This week in Fort Wayne history: Nickel Plate Road elevates downtown development

Local News

FORT WAYNE, Ind. (WANE) – 66 years ago this week, Fort Wayne celebrated a new era of downtown development with the elevation of the Nickel Plate Road.

On Oct. 4, 1955, community members were invited to a dedication ceremony to celebrate the new railroad overpass. During the ceremony, the Nickel Plate Road Steam Locomotive No. 767 steam locomotive broke a ceremonial ribbon, while the No. 765 engine became the first train to cross the overpass.

According to Kelly Lynch, the vice president of the Fort Wayne Railroad Historical Society, over 12 grade crossings were eliminated with the creation of the elevated track. This freed up roads and walkways for citizens and spurred development north of the St. Mary’s River.

“Prior to the elevation of the railroad, it was all just farmland,” Lynch said. “The first major development north of the river was the Memorial Coliseum. But really what happened after the elevation of the Nickel Plate was this incredible transformation of the city’s north side into the Coliseum area, the Dupont into Goshen Road and Lima to what we know it today.”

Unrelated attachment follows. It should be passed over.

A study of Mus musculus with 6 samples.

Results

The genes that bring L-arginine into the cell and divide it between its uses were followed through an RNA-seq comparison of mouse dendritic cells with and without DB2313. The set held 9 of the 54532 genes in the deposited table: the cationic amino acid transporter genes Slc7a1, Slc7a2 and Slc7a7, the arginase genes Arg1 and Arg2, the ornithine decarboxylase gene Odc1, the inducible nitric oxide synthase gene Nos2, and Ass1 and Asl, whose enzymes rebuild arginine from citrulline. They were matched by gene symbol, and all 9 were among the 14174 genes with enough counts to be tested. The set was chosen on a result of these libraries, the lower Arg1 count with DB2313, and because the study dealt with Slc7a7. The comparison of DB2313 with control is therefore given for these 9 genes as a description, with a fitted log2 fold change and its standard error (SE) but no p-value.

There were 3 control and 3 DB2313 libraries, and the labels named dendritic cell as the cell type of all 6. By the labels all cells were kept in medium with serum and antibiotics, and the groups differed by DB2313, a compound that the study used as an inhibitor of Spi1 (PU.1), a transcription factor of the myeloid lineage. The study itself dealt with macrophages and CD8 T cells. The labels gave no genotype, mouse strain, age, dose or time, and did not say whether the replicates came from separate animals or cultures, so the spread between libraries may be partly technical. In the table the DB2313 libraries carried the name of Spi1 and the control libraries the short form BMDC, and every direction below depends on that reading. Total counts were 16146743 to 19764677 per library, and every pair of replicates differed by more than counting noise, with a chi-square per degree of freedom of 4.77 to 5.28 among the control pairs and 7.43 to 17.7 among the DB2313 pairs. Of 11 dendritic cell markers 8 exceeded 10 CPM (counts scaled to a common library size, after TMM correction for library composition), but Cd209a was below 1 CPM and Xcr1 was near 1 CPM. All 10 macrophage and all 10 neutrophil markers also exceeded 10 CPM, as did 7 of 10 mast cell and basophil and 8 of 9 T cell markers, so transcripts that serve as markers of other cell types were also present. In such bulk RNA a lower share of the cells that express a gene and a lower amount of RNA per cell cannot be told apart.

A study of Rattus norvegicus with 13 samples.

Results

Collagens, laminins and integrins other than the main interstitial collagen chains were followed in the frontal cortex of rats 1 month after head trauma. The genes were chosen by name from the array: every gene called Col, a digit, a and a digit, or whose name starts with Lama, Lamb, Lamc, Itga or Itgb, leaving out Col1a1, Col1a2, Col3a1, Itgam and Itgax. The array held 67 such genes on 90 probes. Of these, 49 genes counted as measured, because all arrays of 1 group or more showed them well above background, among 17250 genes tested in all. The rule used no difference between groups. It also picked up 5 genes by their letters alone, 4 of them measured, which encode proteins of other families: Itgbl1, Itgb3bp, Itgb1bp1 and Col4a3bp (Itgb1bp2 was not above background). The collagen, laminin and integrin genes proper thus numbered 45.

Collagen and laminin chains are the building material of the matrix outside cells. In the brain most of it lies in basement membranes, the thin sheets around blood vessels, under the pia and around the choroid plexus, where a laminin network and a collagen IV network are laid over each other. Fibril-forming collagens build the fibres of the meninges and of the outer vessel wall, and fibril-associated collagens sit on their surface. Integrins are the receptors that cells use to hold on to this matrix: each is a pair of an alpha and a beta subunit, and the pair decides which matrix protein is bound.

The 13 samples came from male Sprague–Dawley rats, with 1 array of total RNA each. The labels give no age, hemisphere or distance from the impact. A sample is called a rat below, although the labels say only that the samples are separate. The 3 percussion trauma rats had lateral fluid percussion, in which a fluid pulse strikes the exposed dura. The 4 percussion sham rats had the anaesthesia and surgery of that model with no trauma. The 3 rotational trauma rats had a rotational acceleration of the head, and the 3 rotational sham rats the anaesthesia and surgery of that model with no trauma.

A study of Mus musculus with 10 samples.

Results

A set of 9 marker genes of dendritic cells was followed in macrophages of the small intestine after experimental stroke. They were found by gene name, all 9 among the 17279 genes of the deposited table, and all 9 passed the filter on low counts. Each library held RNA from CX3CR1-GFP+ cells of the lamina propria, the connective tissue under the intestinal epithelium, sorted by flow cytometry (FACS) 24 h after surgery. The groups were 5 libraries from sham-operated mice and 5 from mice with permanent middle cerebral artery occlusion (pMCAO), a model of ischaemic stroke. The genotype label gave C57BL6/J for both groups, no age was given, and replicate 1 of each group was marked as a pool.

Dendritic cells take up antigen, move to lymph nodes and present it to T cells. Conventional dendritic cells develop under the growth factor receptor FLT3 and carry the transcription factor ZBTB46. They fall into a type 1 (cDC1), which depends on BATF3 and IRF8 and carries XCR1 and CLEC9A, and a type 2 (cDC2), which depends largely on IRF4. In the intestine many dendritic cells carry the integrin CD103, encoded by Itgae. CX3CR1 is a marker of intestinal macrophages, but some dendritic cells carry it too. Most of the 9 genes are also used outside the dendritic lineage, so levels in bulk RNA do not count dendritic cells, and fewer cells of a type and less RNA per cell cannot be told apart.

To commemorate the Nickel Plate track elevation, a plaque is installed underneath the overpass near the intersection of Calhoun and Superior Streets

Over half a century later, a few mementos still exist to commemorate that early fall day in 1955. Near the intersection of Superior and Calhoun Streets, a plaque is built in underneath the overpass as a reminder of the elevation celebration.

As for the No. 765 itself, that has been restored and rebuilt throughout the years. It currently lives at the Railroad Historical Society on Edgerton Road. Like other locomotives, the No. 765 serves as a moving time machine for those who wish to learn more about Fort Wayne and northeast Indiana’s history with railroads.

“Even though passenger rail is not what it used to be, we still have these incredible icons like the 765 which still operate, which have become international tourist attractions that exist now to teach people about our past and our interconnectedness and not just about what once was but what possibly could be again,” Lynch said.

Take a closer look at the restored No. 765 at its current home at the Railroad Historical Society.

To learn more about the Railroad Historical Society and upcoming events, visit their website.